By Piers Newbery
BBC Sport at Wimbledon
Tim Henman suffered another desperate Wimbledon disappointment as he came back from two sets down only to lose in the fifth to Spain's Feliciano Lopez.
Henman insists he will be back at Wimbledon again next year
The Briton, playing his 14th Wimbledon, looked doomed at two sets and a break down but found his best form to level.
However, it was Lopez who grabbed the key break at the start of the decider and went on to win 7-6 (7-3) 7-6 (7-5) 3-6 2-6 6-1.
The 25-year-old will face France's Jo-Wilfried Tsonga in the last 32.
Down two sets to love I'm not in a great position but I really felt like my game was there
"The first two sets l felt pretty solid," said Henman. "You play two sets with no breaks and you've just got to keep hanging in there.
"The latter part of the third and fourth his game dropped considerably. I kept staying positive but knew when it got into the fifth I'd got to maintain the momentum.
"Suddenly he hits two or three good shots in one game and he's in the driving seat. It certainly wasn't through lack of concentration at that moment."
After defeating Carlos Moya 13-11 in the fifth set in his first match, Henman was in action for the fourth straight day as he and Lopez resumed their rain-delayed match at 1-1.
The two are among a select band of players that rate grass as their favourite surface and it was a rare sight to see two serve-volleyers going head to head.
A tight first two sets came down to tie-breaks, and Lopez deservedly took both.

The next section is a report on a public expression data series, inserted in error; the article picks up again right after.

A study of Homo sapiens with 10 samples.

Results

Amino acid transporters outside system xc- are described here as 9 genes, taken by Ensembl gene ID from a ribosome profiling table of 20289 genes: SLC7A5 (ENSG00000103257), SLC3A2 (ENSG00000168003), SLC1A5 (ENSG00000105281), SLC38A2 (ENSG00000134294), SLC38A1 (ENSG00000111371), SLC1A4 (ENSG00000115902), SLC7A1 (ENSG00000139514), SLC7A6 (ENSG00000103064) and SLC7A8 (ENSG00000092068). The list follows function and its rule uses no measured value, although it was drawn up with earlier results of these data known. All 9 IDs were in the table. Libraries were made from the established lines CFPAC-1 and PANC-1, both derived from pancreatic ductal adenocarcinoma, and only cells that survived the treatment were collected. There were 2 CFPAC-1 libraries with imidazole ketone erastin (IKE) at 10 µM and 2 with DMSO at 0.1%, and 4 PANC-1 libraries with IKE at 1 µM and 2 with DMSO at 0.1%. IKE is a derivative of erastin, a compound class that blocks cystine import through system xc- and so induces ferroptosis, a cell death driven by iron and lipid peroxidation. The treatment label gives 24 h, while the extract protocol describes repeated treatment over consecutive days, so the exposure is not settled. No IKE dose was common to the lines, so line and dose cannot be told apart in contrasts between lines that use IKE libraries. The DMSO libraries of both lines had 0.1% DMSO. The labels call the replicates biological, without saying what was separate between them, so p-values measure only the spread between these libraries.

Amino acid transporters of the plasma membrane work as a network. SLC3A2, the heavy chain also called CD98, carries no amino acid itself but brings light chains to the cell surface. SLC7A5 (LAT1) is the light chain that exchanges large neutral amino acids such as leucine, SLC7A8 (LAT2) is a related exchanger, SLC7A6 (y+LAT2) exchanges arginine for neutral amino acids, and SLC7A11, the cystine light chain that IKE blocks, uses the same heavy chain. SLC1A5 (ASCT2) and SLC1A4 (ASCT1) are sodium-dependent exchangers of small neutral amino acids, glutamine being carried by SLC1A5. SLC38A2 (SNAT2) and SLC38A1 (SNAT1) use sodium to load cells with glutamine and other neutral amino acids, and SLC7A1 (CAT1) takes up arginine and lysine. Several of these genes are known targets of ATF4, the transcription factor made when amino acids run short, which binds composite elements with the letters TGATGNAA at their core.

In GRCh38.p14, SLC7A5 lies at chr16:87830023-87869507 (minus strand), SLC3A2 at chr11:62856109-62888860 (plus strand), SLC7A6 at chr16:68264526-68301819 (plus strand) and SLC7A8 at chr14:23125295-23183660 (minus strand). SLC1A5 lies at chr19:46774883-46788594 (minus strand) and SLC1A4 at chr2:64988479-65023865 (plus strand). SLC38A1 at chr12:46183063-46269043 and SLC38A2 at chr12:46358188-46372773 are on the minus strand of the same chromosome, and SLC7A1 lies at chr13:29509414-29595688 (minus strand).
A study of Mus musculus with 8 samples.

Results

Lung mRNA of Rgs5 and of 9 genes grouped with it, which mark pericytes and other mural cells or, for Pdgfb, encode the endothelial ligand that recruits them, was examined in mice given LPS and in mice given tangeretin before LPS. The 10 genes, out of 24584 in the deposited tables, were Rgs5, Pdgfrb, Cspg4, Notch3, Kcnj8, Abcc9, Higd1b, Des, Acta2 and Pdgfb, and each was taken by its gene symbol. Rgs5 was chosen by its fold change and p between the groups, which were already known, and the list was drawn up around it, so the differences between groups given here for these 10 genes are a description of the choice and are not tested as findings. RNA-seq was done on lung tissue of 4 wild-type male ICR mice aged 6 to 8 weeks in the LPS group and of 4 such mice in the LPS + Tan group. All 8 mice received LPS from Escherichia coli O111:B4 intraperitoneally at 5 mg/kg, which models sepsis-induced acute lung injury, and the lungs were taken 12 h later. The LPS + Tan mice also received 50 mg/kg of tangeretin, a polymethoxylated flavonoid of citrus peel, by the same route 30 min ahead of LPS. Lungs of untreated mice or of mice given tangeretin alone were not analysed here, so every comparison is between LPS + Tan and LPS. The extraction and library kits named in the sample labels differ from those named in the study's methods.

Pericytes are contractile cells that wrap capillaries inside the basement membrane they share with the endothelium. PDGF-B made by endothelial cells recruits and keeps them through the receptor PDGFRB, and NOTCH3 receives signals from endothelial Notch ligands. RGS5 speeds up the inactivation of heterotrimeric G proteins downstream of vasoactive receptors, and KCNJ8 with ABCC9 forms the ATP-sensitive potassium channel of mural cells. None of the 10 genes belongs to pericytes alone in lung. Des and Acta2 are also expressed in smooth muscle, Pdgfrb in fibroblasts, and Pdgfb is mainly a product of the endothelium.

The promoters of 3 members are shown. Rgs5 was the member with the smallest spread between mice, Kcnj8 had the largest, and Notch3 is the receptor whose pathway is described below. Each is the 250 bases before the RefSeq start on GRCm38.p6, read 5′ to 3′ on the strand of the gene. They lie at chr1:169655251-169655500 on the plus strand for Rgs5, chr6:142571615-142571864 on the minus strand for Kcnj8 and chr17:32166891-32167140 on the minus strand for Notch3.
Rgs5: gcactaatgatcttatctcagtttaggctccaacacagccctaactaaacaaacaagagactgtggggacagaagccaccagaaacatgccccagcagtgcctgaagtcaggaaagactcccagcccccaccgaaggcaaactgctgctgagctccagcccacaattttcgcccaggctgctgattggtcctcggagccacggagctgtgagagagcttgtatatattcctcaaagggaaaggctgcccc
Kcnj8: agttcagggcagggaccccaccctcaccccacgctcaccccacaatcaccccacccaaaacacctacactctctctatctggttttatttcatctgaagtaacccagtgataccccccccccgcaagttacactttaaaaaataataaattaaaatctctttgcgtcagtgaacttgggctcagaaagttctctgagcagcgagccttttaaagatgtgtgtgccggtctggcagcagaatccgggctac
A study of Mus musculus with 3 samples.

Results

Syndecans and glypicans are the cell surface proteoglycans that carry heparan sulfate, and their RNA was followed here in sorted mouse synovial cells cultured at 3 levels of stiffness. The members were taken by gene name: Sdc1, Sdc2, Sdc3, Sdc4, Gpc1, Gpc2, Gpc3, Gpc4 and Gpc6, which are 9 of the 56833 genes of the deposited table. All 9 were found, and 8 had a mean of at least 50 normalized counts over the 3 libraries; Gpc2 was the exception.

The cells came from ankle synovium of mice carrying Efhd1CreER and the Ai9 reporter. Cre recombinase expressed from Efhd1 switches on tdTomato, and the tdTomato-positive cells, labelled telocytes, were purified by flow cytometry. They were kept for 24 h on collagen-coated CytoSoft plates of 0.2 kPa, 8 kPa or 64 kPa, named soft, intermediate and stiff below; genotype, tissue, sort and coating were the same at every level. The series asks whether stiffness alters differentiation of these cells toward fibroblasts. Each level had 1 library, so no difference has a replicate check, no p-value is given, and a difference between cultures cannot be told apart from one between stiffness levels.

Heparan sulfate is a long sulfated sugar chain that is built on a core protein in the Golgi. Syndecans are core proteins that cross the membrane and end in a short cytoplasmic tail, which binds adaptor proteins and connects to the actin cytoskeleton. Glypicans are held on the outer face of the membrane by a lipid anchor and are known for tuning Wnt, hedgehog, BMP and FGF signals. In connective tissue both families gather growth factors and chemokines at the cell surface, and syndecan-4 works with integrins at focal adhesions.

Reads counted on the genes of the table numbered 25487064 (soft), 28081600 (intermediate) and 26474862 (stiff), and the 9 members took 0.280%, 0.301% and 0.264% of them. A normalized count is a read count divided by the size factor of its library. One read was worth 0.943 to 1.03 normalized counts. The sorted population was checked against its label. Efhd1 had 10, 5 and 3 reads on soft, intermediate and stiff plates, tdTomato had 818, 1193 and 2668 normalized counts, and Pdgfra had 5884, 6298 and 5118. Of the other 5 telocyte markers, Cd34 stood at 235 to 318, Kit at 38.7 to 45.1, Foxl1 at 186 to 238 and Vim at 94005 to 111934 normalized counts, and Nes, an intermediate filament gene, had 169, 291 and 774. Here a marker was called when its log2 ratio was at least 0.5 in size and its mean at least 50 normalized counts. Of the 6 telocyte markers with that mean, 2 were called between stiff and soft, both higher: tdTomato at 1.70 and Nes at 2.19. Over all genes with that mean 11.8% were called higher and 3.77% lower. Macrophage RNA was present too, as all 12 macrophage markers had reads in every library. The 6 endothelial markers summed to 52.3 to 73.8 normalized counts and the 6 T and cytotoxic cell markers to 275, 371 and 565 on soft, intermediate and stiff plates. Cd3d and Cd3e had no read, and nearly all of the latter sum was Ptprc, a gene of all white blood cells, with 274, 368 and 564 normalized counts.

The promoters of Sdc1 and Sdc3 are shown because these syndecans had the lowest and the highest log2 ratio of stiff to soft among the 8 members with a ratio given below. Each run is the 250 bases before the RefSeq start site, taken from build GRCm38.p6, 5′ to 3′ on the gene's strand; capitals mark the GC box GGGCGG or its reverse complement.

The first was decided when Henman double-faulted to fall 6-3 behind, and Lopez missed five break points in set two before racing 5-0 clear in the tie-break and holding off a mini fightback to take it.
The match looked as good as over when Lopez got an early break in the third but Henman finally grabbed the initiative when he broke back, glaring at Lopez from the net as he took the key point.
I feel sorry for the fans because they love him and support him but when you go out there you want to win
A sublime backhand winner helped Henman to a 4-2 lead and he served out surprisingly confidently, bearing in mind his past record and the edginess of the crowd.
With the scores level and the crowd in full voice, Lopez headed for the locker room at the changeover. It proved a wise move as he returned to break Henman straight away.
And with the energy of the third and fourth sets long gone there was nothing Henman could do to stop Lopez wrapping up victory in three hours 17 minutes.
"Down two sets to love I'm not in a great position but I really felt like my game was there," said Henman.
"I really did believe he wouldn't keep playing like that. In that respect I was right."
And asked if he would be back next year, Henman replied: "Absolutely."
Lopez said: "I feel sorry for the fans because they love him and support him but when you go out there you want to win.
"It's very disappointing for him to lose with 15,000 people supporting him."